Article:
Rusty Air in Carolina - Band Version
For wind ensemble - Proceed to purchase if you would like to buy a study score.
Conductor's Score and Performance Parts for RENTAL ONLY. Please send an email to firstname.lastname@example.org to request a rental application form.
Approximate Duration: 12'
The memories are still vivid from a long-past summer in Brevard, North Carolina — where I spent several months at the music festival there as a teenager. Not only did the thick buzzing of cicadas and katydids always accompany the concerts there, but sometimes it was the music itself: on more than one occasion, I remember sitting on the porch of 100-year old Nan Burt and listening to the sounds of summer while she told stories from her long life. This venerable lady was introduced to me by the assistant conductor at the festival, Robert Moody, who would commission my first orchestral work. The work thus opens with "Nan's Porch," in which three orchestral clouds — each inhabiting a different harmony, register, and orchestration — hover in the heavy air, and they ultimately begin to meld together when the cicadas start their singing.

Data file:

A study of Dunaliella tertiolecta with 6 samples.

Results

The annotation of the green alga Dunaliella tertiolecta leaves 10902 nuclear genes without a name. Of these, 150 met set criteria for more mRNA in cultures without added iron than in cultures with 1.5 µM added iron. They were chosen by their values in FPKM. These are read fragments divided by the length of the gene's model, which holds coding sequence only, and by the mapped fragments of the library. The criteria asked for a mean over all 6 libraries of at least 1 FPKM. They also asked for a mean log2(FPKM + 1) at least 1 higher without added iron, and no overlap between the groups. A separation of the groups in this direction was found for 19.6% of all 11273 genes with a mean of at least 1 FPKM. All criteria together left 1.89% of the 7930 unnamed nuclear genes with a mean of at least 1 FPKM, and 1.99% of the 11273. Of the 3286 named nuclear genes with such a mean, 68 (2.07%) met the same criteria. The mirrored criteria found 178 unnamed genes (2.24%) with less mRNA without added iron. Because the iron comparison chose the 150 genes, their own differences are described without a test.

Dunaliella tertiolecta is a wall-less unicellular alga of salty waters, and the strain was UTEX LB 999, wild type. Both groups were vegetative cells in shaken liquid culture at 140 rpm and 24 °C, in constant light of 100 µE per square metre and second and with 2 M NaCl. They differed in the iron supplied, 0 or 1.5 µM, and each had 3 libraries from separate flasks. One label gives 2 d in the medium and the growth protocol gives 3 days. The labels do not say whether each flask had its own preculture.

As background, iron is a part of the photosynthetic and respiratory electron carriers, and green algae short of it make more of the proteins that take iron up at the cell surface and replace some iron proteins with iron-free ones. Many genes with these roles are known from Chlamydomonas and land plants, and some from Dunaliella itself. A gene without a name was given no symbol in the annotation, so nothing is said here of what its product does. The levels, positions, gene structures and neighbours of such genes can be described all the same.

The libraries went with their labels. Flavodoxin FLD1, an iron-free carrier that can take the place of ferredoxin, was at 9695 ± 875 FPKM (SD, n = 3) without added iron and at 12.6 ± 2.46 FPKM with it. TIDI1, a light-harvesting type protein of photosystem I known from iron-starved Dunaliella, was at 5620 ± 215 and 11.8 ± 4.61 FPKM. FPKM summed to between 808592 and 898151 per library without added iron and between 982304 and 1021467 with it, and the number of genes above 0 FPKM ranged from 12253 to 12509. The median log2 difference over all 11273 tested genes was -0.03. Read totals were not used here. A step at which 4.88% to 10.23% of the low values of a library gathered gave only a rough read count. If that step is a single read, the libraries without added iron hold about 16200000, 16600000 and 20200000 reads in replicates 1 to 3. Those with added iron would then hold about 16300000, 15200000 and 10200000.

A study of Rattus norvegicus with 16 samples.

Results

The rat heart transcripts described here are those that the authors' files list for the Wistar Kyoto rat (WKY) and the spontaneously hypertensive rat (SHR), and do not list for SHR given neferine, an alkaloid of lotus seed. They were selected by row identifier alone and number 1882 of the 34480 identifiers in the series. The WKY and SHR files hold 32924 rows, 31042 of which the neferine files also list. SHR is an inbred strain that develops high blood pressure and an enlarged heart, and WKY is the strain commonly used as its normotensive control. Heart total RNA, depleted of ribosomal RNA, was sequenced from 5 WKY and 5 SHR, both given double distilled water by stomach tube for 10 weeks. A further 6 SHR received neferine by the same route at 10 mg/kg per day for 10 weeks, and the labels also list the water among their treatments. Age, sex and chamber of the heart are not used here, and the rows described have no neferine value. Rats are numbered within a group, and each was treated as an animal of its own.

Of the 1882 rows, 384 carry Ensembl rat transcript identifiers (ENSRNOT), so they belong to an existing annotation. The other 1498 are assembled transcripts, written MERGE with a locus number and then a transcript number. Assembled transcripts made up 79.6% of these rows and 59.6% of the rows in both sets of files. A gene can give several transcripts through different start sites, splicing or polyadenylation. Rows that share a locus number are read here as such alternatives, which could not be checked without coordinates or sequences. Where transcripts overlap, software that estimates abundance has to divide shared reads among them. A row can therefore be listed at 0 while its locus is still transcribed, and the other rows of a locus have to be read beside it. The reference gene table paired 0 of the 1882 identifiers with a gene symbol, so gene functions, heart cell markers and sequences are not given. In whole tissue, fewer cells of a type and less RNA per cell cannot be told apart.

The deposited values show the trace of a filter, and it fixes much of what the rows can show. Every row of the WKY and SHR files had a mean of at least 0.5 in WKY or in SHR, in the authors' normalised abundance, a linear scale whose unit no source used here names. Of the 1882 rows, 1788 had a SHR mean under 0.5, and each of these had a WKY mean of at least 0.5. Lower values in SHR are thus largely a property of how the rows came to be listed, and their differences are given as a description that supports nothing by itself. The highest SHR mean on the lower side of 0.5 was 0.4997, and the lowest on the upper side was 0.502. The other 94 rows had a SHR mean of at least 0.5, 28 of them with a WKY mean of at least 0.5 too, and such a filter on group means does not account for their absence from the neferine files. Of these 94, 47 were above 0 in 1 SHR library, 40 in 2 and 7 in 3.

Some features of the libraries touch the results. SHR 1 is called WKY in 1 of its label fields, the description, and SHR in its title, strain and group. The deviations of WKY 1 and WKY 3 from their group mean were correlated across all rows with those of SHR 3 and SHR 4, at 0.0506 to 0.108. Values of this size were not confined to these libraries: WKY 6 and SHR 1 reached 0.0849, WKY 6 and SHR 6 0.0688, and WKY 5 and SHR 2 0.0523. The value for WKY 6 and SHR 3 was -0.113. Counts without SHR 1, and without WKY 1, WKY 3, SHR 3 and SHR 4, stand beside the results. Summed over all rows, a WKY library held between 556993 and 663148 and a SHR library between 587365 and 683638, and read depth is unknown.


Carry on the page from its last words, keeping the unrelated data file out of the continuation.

The climax of this movement sends us into “Katydid Country,” when the ambience of the first movement evolves into a bluesy, rhythmic tune. The clicks of the katydids become a beat track over which the orchestra riffs on a simple tune inspired by old-time blues. Soaring in the strings over the last breaths of the blues tune, a long-lined melody moves us into "Southern Midnight." The three distinct textures from the opening return, but now each is brought to life by a phrase of the melody. The hot, Southern dawn that follows is, both sparkling and heavy, with the air made rusty again by the buzzing cicadas (popularly called locusts). The bluesy tune begins to creep back into the middle register, while above and below figuration buzzes about in different tonalities.